One of the many lessons I’ve learned in the classroom is the power of helpers. Every day that I teach, I have one or two or more students who immediately present themselves for designation as my assistants.

This doesn’t include having them teach or enforce discipline. In some cases, I have the rules of enforcement squad who will work toward establishing order. The jobs they complete include such tasks as line leader, attendance sheet runners and IT helpers who are adept at in-class technology.

What’s magical, however, is what happens to kids once they are able to help. The rowdiest of children become docile and pleasant when they are instructed to be role models. This translates to words such as “leaders” or “captains” or “assistants.”

And those students who are always helpers will remind me whenever I see them of their elevated status. In some ways, this dynamic is no different than the rest of life. Some of seek to be better, smarter, more successful, wealthier, happier or some other advanced position. Some don’t, I realize, and unless I am instructing them and they are in my space, I have no jurisdiction. It’s very rare, inside or outside the classroom, that we encounter those who aspire to mediocrity.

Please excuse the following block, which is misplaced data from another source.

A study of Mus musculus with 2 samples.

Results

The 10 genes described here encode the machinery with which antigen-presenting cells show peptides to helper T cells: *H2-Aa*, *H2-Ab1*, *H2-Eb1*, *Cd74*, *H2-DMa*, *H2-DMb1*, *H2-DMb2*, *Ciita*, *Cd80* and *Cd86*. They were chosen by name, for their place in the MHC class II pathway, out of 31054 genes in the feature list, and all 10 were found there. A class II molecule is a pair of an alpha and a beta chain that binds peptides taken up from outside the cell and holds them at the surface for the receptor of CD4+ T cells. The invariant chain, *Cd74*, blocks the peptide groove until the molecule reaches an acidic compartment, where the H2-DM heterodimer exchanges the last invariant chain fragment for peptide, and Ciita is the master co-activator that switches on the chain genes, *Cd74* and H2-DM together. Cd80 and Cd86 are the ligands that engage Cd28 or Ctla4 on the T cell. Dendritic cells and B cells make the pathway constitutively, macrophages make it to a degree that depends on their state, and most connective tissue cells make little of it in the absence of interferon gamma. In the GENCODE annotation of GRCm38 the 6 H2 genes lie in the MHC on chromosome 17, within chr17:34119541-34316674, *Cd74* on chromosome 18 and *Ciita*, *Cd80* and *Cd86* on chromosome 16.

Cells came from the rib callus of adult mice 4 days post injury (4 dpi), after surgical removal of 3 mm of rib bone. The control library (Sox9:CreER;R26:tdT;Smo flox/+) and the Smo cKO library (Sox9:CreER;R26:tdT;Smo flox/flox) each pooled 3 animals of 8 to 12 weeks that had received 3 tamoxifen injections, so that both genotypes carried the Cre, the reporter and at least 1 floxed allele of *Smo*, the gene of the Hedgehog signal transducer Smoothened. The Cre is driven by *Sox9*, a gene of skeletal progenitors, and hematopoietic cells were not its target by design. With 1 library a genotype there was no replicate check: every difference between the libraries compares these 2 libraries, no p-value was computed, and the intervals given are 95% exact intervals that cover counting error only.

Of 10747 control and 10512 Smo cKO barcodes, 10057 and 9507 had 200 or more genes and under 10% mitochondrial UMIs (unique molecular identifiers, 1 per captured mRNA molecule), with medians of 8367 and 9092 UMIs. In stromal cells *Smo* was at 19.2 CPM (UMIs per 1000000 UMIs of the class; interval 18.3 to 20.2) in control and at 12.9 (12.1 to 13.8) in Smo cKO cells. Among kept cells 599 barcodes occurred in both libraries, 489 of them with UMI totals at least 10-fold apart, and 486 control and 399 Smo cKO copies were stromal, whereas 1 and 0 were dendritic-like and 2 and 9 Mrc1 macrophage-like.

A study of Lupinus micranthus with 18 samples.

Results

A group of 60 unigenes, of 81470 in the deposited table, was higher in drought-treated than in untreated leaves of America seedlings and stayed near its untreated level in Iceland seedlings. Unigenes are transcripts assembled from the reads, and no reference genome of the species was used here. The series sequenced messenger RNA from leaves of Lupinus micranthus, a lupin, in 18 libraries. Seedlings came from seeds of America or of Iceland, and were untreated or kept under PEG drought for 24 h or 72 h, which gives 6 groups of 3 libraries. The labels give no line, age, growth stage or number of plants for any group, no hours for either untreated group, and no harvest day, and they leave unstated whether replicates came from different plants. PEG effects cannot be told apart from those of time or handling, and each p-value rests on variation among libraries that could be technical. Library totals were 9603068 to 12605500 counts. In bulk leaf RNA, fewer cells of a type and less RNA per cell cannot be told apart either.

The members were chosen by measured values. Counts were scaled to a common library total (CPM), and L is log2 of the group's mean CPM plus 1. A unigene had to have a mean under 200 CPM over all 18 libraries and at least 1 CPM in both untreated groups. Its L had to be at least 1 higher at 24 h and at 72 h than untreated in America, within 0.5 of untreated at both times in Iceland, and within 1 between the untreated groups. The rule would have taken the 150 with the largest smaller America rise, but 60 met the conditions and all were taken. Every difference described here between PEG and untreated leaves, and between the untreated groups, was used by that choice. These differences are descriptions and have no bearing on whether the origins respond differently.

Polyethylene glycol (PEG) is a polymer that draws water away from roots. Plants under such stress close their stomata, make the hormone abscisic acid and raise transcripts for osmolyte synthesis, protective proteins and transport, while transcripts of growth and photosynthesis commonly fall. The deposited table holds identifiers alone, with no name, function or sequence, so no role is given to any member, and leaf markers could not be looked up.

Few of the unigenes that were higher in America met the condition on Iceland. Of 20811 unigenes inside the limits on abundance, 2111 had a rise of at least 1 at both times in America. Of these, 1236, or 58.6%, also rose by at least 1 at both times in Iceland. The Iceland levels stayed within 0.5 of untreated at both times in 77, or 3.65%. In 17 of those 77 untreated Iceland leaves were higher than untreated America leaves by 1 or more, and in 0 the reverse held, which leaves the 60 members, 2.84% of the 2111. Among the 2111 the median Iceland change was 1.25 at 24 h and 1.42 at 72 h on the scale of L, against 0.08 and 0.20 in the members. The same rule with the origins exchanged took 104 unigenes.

Often I wonder what part of our brains is responsible for distinction. Is there a genetic, still small voice that urges us to do more and improve? If that’s the case, where is that voice in the case of under-achievers and criminals?

My best guess is that there will always be that student who wants to occupy a noble distinction. As an educator, my job is to remind students that they all have the potential to do or be whatever they choose. If enabling them as helpers contributes to that growth, I have succeeded at establishing the first step.

Friday was popcorn day and my sweetest, most devoted pupil rushes to advise that he left his popcorn money in class when he left for recess. After I confirmed that he didn’t need any popcorn money, I escorted him to the classroom. He thanked me profusely and ran to secure his treasure. Ten minutes later, he returned from the popcorn vendor, walked up to me and wordlessly handed me one of his two bags of popcorn. Somehow, I think I must have done something right. Shalom.